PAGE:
Indoor Air Resources


Task Force

By:   |   01.17.13

As the weather outside gets frightful, it may not hold a candle to the fright fest of unwanted toxins raging directly inside your building. Indoor air can be rather undelightful to employee health unless businesses take action to ensure proper IAQ.

Poor IAQ can be costly to companies in terms of sick time, medical care, and presenteeism. Lost productivity affects all commercial building constituents. Regardless of the type of industry, poor IAQ is one trade-off that most building occupants won’t stand for. Therefore, more and more often buildings and companies are creating cross-functional teams, or “task forces,” to establish systems that help prevent indoor air quality problems and resolve problems cooperatively if they do arise.

In addition to mechanical systems professionals, an IAQ task force may include building owners, facility managers, maintenance engineers, health and safety officers, sustainability professionals, purchasing departments, HVAC contractors, filter distributors, and the building occupants themselves. Being mindful of the following objectives can help to ensure the success if your IAQ task force:

Establishing a System for IAQ Communications and Complaints

First and foremost, an IAQ task force should be sure to let employees and/or building occupants know that a group has been formed to ensure high IAQ. Let people know who is on the task force, and how members of the group can be reached. Next, let people know how to effectively share complaints and concerns related to IAQ, as well as how quickly they can expect to receive a response. Creating a standardized form to receive complaints, questions, or concerns about IAQ is also helpful. This information can be shared via email, posted on bulletin boards, circulated in newsletters, or publicized by some other means.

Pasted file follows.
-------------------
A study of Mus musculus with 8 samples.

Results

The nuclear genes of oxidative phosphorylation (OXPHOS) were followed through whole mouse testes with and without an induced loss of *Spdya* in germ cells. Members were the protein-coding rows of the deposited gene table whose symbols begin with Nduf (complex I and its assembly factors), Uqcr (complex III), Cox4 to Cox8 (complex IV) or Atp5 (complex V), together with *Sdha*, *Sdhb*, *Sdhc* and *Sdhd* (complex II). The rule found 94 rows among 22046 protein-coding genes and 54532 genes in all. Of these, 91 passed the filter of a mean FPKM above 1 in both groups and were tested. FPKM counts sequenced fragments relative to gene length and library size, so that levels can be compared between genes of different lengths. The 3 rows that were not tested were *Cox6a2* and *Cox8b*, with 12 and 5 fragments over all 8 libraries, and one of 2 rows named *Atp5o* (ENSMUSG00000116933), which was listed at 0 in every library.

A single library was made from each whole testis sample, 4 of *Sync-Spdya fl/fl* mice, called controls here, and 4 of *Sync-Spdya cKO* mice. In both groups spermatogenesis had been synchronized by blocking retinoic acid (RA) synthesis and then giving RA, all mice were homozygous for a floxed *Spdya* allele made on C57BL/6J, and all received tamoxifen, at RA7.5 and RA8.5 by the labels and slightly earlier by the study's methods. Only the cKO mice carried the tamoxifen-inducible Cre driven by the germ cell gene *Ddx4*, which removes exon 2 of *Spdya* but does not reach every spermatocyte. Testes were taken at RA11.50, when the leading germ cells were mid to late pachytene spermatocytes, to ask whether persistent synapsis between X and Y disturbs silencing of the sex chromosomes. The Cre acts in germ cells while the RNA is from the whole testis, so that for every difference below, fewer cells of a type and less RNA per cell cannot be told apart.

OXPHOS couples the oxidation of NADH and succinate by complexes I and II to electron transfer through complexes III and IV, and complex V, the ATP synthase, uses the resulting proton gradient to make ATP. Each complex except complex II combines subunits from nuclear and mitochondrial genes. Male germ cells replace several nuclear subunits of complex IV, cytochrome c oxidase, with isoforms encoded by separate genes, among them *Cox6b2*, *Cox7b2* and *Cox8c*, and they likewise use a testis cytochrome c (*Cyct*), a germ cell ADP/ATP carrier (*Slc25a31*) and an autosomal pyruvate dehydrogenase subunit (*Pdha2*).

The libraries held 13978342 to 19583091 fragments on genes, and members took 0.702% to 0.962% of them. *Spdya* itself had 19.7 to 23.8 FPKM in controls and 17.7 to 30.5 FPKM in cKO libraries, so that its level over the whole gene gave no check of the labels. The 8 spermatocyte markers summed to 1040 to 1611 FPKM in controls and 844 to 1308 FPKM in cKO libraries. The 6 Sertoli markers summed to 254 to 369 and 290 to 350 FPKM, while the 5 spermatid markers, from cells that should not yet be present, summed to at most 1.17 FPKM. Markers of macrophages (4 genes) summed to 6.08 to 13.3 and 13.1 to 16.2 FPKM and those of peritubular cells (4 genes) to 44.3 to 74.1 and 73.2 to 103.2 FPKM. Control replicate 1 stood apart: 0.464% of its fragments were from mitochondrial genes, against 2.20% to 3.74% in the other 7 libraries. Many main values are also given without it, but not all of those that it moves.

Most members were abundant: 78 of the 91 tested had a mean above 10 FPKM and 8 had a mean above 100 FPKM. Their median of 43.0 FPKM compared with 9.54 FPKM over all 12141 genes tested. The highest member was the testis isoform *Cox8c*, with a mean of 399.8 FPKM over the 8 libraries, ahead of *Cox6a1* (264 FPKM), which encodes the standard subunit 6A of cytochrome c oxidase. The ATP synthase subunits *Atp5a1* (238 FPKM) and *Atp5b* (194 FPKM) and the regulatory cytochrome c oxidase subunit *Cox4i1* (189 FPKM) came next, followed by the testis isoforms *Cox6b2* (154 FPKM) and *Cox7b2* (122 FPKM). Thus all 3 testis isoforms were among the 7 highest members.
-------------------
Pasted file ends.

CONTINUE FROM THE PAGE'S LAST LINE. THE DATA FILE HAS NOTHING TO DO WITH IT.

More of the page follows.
Sharing Relevant Information

The IAQ task force and its officers should provide building occupants with accurate, up to date information on how they are maintaining or improving IAQ, as well as information on what tenants can do themselves.  In particular, accurately communicating maximum occupancy limits and the permitted uses of various spaces in their building is very important as both can heavily impact IAQ. When a problem arises, the IAQ task force should maintain ongoing communication with those impacted until an acceptable resolution is reached.

The IAQ task force should share information on the type of air filters being used in the building, and any plans to upgrade them. Often the most immediate thing that can be done to improve IAQ is improving the quality of the building’s air filters. The Minimum Efficiency Reporting Value (MERV) is a measurement scale from 1-16, designed to rate the effectiveness of air filters.Higher MERV ratings correspond to a greater percentage of particles captured on each pass. Though MERV 8 filters are commonly used in commercial settings, they pale in efficiency when compared to MERV 11 air filters. What best practices does your facility management team do to provide and high IAQ?